Agaves: 7 Pain-free Picks

Brad Wier

Incorporating agaves into your landscape doesn’t have to be painful. There are a few agaves — and a few similar big succulents — that have soft or spineless (even huggable) leaves.

If you’re adding to the watersaver landscape in August, it can still be way too hot and dry for many 4-inch annuals and perennials to go into the ground. And if you’re looking for something showy and low-maintenance – and still hoping to squeeze in a few vacation days before school – take a cue from the hot afternoon sun and pick a plant from the west.

Succulents are great architectural plants, and even in the driest desert climates they rarely need extra water, certainly not in (comparatively) wet San Antonio.

Although they’ve got cachet and they’re as trendy as textiles and tequila, agaves and yucca remain somewhat underutilized in home landscaping in south Texas, even in xeriscapes — partly due to the prick factor.

A typical century plant bristles with thorns, and those 2-inch spiny tips can threaten extremely painful, extremely serious injuries, penetrating deep into muscle and bone. As if any additional discouragement is needed, most agaves contain a burning sap, requiring hazmat protocols that go way beyond the garden variety.

Many dedicated gardeners use agaves anyway, surrounding them with hedges or other buffers. In public settings, the spines are meticulously trimmed away.

 

Fortunately for the rest of us, there are a few agaves — and a few similar big succulents — that have soft or spineless (even huggable) leaves. They’ve got the durability of a classic topiary, without the need for elaborate sculpting.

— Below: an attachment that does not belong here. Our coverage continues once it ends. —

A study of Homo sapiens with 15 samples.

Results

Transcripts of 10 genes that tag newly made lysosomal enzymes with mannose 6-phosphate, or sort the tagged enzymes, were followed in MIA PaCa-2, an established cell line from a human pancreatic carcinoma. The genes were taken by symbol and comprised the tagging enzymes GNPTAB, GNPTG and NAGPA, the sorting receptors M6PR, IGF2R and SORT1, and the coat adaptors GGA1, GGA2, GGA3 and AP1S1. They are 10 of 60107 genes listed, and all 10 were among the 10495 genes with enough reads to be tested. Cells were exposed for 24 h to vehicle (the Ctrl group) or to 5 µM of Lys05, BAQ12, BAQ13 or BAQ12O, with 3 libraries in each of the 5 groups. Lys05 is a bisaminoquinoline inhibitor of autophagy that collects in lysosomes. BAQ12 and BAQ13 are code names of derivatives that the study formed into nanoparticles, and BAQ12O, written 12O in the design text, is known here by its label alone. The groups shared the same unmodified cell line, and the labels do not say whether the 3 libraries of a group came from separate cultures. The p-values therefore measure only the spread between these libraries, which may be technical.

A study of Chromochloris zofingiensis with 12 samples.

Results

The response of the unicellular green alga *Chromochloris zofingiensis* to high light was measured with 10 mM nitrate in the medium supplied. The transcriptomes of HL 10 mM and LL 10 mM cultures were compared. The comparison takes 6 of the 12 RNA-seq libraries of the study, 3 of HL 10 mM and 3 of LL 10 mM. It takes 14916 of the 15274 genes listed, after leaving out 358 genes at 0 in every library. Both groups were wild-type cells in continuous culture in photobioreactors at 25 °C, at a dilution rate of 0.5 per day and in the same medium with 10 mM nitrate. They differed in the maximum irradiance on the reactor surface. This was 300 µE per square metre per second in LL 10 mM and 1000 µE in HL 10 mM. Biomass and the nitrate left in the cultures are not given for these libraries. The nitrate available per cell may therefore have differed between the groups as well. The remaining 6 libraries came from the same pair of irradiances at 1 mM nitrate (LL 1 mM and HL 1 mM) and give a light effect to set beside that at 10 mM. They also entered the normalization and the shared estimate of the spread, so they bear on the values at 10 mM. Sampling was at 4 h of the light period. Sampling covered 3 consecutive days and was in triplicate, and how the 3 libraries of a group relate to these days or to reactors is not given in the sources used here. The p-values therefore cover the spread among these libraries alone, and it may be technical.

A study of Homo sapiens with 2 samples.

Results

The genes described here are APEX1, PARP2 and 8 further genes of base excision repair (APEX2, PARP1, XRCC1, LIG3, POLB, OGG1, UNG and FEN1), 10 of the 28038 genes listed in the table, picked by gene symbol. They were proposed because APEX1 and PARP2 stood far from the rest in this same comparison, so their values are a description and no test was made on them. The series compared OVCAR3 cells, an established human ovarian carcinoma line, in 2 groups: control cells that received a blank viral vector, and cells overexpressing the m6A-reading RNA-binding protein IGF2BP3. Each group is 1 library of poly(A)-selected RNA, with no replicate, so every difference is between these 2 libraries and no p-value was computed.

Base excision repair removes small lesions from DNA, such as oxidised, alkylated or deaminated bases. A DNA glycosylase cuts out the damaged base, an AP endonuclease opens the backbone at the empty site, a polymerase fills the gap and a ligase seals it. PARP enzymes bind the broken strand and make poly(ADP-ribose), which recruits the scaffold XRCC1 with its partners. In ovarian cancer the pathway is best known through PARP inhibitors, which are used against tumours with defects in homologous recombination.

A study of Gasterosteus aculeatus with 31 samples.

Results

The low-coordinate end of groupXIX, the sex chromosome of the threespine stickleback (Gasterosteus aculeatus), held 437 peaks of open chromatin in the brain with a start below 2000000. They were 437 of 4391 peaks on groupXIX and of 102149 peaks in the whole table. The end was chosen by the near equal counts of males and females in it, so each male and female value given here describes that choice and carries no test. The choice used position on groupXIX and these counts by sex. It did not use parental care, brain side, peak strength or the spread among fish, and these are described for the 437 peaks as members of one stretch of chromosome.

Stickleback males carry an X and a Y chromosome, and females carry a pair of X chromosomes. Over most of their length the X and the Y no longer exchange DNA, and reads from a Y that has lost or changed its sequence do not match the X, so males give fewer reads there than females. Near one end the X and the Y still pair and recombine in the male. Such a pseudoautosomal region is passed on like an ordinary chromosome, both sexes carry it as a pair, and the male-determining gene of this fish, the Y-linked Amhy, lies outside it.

Octopus agave — Its small size and curling spineless leaves make a pleasant tropical accent on any pathway. Give it some room, though, since this agave tends to spread and bloom repeatedly. Also called spider agave.

Royal agave — Its form is compact and toy-like with dark leaf margins carefully outlined in white. Each bears a small terminal spine, but compared to other agaves these are non-aggressive. This cold-hardy agave is a popular garden accent and is sometimes used to fill out landscape beds with geometric perfection.

Twin-flowered agave — Thin, rigid leaves give this agave a striking modern form, as popular in poolside containers as it is in xeriscape.

Toothless sotol — Long, gracefully arching leaves form a kinetic mound of green. The Mexican grass tree is thorn-less, drought-hardy and comfortable in both sun and shade; it makes a great addition to a tropical garden or any xeriscape.

Red yucca — A stalwart in central Texas landscapes, red yucca has the kind of easygoing evergreen form that can easily fill out any landscape setting. Plus, it’s a hummingbird magnet.

Spineless yucca — It’s got the size and feel of a Spanish dagger, but don’t be fooled; this common houseplant is a softy. Often it ends up in the yard after it gets too big for a pot. It’s a useful addition to a shade garden.

Big bend yucca — Among the big landscape succulents, Yucca rostrata is a perennial favorite. In fact, it’s so well behaved and so well used in commercial landscaping that it’s come to be called Nordstrom’s yucca. The spiky blue leaves resemble yucca, but they’re as soft and flexible as poster board.

So, don’t let the fear of spines stop you from including this drought-tolerant, virtually indestructible, evergreen plant in your landscape. Whether your architecture be Southwestern, Tuscan, Mission Revival or just plain old San Antonian, they make well-behaved specimens for any Southwestern garden event, even if you’ve already had a few too many tequilas.